John Wright rode the tech bubble of the 1990s for all it was worth, hopping jobs and moving up to a six-figure salary. Hefty bonuses and stock options nearly doubled his income. But when the bubble burst, Wright spent nearly three years without a job.
When the dot-com boom began, Wright had a good job as an engineer at Cypress Semiconductor, an established and stable outfit in San Jose, Calif. But in the heady summer of 2000, a headhunter caught Wright in what he describes as ”a moment of weakness” with an offer from a telecom start-up.
Wright stayed with the telecom start-up for about a year, before jumping ship again with an offer from another start-up, enticed by a generous salary, bonuses, and stock perks. ”If everything went right, I'd be set for life,” Wright figured.
Instead, another year brought him a pink slip, and Wright was out of a job. He had socked away enough funds to cover his bills for six months, but it would be another two-and-a-half years until he landed a new job, this time with a defense contractor. His pay has returned to a pre-bubble five-digit salary figure. ”The money's right for the job I'm doing. I'm very happy here, and it's a stable environment,” says Wright, now a senior systems engineer [see photo, ”Better Times”].
Wright is not alone among engineers in valuing job security highly. They have ample reason: while engineering wages are moving upward a bit faster than inflation again, bonuses and stock options are now harder to come by. Instead of expecting to hit the jackpot, many engineers are simply looking for interesting jobs that won't disappear—to the benefit of many established companies that found it difficult to compete with the extravagant compensation many start-ups were offering during the boom. Now, ”it's surprising how many times experienced people say they want to work for a stable company,” says Mark Finger, vice president of human resources at National Instruments, in Austin, Texas.
Engineers who aren't changing jobs are continuing to see small wage increases. ”We're seeing salary increases of 3 to 5 percent,” says Steve Patchel, senior compensation consultant at Watson Wyatt Worldwide, of Santa Clara, Calif. That's slightly more than they were getting during 2005, he adds.
Other yardsticks show slightly higher salary increases over the past year. IEEE-USA figures show wage improvement in 2005, after a decline in 2004. The median salary for 2005 was US $97 672, up 5.6 percent from $92 500 in 2004. However, this 2005 figure is virtually the same as 2003's median of $96 787—not enough to keep up with inflation overall, notes Chris Currie, IEEE-USA's manager of product development and marketing. Lackluster raises are also being seen across the Atlantic. ”Salaries in Europe are pretty flat; it's similar to the U.S.,” Finger says.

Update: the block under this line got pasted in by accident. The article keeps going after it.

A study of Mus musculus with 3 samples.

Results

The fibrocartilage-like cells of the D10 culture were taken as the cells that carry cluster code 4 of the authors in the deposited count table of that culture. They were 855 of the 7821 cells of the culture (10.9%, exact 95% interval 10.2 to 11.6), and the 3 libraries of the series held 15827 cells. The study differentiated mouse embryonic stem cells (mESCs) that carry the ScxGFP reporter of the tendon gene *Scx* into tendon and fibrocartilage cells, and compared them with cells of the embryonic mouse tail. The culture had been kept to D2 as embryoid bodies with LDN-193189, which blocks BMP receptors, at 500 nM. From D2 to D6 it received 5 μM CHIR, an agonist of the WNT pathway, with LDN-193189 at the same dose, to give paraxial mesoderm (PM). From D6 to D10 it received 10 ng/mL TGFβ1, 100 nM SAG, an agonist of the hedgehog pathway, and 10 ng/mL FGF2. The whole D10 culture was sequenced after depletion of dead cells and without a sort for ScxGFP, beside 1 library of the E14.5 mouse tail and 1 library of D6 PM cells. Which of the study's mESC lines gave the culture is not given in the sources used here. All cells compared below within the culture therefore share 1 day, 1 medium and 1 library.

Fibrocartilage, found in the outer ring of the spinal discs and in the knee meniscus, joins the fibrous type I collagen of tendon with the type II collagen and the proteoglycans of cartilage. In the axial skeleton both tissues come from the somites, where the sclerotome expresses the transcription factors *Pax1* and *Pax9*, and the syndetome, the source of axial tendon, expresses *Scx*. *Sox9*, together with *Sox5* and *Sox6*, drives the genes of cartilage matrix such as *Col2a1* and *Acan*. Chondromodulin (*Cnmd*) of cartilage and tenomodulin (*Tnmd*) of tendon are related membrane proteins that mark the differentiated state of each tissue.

While EE wages in developed countries in general show little change, there are always niches in which raises tend to be more generous. ”In some select areas, such as nanotech and medical devices, they have increased 10 to 12 percent,” said Scott Sargis, president of Strategic Search Corp., of Chicago.
Sargis also notes that many electronics companies are working more closely with colleges these days, recruiting high-scoring sophomores and even freshmen for internships in an attempt to lock them in early. Though these companies are going after students more aggressively, starting salaries for new graduates aren't moving upward rapidly. Computer engineers can now expect $54 877 on average, while EEs will average $52 899, according to the National Association of Colleges and Employers, in Bethlehem, Pa. Those averages are both up only slightly from the 2005 average of $51 292 for EEs.
Salaries in low-wage countries are rising far more rapidly. Engineers in the Asia-Pacific region earn far less than their American counterparts, but percentage-wise their raises are currently far heftier.
”Salaries in India and China are moving much faster—doubling or even more than doubling—but the cost [of employing engineers there] is still a third to a quarter what we see in the U.S.,” National Instruments' Finger says.